Brooke Carson, center, of Oxford Hills Comprehensive High School pulls down a rebound between Kayla Flanders, left, and Carly Morey of Windham during the Class AA North semifinals in Portland on Thursday. Daryn Slover/Sun Journal

When Oxford Hills played Portland in December, the Vikings ran the Bulldogs out of the gym with a 28-point victory.

That loss, as brutal as it seemed, might have been the best thing that could have happened to Portland.

“I walked out of there and I wasn’t sad because this is perfect,” Portland coach Gerry Corcoran said. “We have everyone back and we need to work. The practice after was the hardest practice I have had in my three years here. We have been on a run ever since.”

Oxford Hills beat Portland again in late January, 48-38. The Bulldogs’ only other loss was to third-seeded Bangor on Jan. 9. Other than those three losses, the second-seeded Bulldogs (17-3) cruised through their schedule and into the Class AA North final, in which they will face the No. 1 Vikings (19-1) at the Cross Insurance Arena on Saturday at 2 p.m.

Oxford Hills’ only loss was by one points, 62-61, on the road against Greely on Jan. 7.

In the the Vikings’ and Bulldogs’ second matchup, Portland caught Oxford Hills off guard a bit with its pace of play and jumped out to an early 6-0 lead.

“They didn’t change so much as they made some shots,” Oxford Hills coach Nate Pelletier said. “When they came up to our place, they didn’t make a lot of shots. We weren’t ready for the pace but then settled in and we played at our pace, which is still fast but we played more disciplined.”

After Oxford Hills’ win over Windham in the AA North semifinal on Thursday, Pelletier said that other than the Vikings, Portland is the region’s most athletic team.

The Bulldogs use their athleticism to their advantage by getting out in transition. This year, players like Amanda Kabantu, Davina Kabantu and Gemima Motema are complementing their athleticism with smarter, more savvy play.

Portland’s Amanda Kabantu reaches for a loose ball as Bangor’s Maggie Cowperthwaite moves in. Shawn Patrick Ouellette/Staff Photographer

Amanda Kabantu has been on a tear in the postseason, scoring 20 points Thursday in Portland’s semifinal win over Bangor, and 32 in the quarterfinal victory over Edward Little.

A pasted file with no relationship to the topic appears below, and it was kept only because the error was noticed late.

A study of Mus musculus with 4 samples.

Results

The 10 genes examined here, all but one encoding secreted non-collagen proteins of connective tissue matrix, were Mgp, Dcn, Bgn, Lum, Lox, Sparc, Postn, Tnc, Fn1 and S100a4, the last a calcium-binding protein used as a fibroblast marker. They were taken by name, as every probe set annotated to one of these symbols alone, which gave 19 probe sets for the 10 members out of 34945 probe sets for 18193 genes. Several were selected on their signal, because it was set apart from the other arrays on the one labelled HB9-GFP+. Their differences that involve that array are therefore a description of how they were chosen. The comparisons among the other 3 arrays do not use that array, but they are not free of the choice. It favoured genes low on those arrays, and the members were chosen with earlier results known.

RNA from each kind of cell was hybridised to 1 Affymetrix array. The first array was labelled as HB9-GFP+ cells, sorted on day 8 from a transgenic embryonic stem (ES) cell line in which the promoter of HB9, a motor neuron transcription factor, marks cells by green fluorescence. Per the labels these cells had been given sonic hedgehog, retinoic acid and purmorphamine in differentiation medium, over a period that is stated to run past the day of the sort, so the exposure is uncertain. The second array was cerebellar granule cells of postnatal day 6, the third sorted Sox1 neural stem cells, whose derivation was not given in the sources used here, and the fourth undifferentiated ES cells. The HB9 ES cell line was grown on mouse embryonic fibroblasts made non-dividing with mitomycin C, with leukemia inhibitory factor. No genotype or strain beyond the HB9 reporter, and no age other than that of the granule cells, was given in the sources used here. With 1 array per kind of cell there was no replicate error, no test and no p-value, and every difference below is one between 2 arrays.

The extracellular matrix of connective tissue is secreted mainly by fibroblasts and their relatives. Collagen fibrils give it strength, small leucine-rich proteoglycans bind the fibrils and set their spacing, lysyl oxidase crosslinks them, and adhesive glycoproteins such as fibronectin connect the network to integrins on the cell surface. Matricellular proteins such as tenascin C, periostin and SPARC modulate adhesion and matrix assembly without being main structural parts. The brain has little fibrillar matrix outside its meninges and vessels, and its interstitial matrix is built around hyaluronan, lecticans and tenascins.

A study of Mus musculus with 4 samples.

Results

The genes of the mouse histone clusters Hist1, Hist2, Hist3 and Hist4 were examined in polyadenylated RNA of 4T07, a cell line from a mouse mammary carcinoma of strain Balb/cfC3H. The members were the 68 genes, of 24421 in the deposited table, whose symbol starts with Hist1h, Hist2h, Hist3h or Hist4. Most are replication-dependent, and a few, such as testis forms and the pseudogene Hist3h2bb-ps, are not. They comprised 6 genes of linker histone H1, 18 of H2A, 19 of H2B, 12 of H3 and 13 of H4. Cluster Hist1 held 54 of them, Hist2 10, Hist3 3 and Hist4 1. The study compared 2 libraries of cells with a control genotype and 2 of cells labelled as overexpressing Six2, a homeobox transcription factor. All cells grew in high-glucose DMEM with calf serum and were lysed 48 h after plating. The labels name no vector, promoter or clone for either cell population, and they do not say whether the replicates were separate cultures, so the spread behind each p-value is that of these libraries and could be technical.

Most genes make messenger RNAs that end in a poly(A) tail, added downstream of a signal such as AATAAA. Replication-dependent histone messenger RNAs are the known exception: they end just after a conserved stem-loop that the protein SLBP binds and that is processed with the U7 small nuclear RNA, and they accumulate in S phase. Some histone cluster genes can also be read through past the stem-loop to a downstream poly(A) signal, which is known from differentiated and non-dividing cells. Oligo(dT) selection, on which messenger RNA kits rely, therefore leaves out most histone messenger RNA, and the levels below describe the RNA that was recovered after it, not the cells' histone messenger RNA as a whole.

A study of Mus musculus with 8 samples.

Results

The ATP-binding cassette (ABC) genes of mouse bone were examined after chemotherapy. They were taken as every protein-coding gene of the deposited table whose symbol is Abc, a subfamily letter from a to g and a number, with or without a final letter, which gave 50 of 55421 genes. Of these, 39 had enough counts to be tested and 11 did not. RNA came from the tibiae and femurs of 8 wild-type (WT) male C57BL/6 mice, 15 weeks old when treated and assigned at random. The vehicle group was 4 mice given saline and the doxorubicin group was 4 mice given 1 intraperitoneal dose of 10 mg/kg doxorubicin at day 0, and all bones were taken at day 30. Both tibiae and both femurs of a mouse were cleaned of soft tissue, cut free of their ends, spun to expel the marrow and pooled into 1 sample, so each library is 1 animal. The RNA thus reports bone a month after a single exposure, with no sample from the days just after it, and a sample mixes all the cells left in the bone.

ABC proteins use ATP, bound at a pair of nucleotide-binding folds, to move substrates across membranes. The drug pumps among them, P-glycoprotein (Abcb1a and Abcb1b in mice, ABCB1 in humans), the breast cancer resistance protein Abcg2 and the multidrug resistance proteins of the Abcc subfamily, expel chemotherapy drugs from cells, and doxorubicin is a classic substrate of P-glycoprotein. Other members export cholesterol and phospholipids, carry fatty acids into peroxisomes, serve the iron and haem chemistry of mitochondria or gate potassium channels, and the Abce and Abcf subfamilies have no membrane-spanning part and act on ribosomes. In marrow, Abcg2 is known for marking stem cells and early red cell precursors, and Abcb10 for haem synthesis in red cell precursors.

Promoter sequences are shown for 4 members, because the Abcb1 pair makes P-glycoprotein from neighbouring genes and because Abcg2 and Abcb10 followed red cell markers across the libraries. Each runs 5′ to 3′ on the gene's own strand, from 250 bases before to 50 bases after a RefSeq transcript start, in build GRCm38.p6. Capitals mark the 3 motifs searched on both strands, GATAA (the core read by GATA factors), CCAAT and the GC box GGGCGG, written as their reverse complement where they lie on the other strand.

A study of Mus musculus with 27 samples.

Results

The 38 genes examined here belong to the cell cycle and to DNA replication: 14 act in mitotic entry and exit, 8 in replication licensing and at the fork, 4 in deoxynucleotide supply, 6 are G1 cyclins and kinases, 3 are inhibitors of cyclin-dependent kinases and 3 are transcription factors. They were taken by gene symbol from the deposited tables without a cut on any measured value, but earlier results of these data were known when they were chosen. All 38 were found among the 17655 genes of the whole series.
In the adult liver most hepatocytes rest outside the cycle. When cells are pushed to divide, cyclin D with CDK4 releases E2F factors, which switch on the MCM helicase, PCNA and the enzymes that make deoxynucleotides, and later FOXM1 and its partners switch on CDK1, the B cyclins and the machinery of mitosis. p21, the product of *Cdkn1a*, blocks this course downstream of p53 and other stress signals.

“She’s a sponge,” Corcoran said. “She has the internal switch that you can’t teach. What has transpired in the last six months is she’s starting to listen as a young player. … Amanda has been that person that has elevated her IQ. Now you have to be very careful because she might come off that corner with one dribble instead of four and shoot.”

Another facet of Amanda Kabantu also can grab rebounds in bunches, a facet of her game that Pelletier and the Vikings are well aware of. Kabantu pulled down 11 boards in the win over Bangor, eight of those coming off the offensive glass.

“If we can hold them to one shot per possession then I think we will be in pretty good shape,” Pelletier said. “At the end of the day, it’s not about holding Amanda down, it’s keeping them to one shot per possession.”

Oxford Hills, the defending Class AA state champion, has been powered by seniors Julia Colby and Cecelia Dieterich, who were both named Miss Maine Basketball semifinalists earlier this week.

Dieterich scored 13 and Colby added 11 on Thursday’s semifinal win, in which the two veteran guards went to the bench early because the Vikings had built such a large lead. Still, Colby made her first five shots before missing right before the end of the third quarter, and both pushed the pace to run Windham out of the Cross Insurance Arena with a 54-31 victory.

Cassidy Dumont hit three 3-pointers, as well, and has been a solid scorer for the Vikings the past two seasons.

The Vikings and Bulldogs both want to keep each other out of the paint.

“Based on what we saw against Bangor and previous games, the biggest thing is rebounding and boxing out,” Dieterich said. “If we can rebound so they don’t get second chances, we should be able to win.”

Portland will look to senior forward Kiera Eubanks to control the paint with both rebounding and scoring. The Bulldogs’ captain will be playing at Emmanuel College next year, and after only playing three games in 2018-19 has blossomed in her final high school season.

“When she gets caught fighting bodies in the paint, she loses,” Corcoran said. “We are trying to keep her feet nimble, make the post player concentrate on her rather than the basketball.”

The Vikings won the AA state championship last year, defeating Scarborough, and didn’t lose much scoring from last year’s team. Because of that experience, Pelletier is confident in his team’s chances.

“They definitely have well-rounded, scoring just like us,” Pelletier said. “It’s supposed to be a good matchup, and as much I would like to go out and win by 30, I do not see that happening. My girls have been battle-tested and they know how to win a close game, and if I had to choose, I’d take my team.”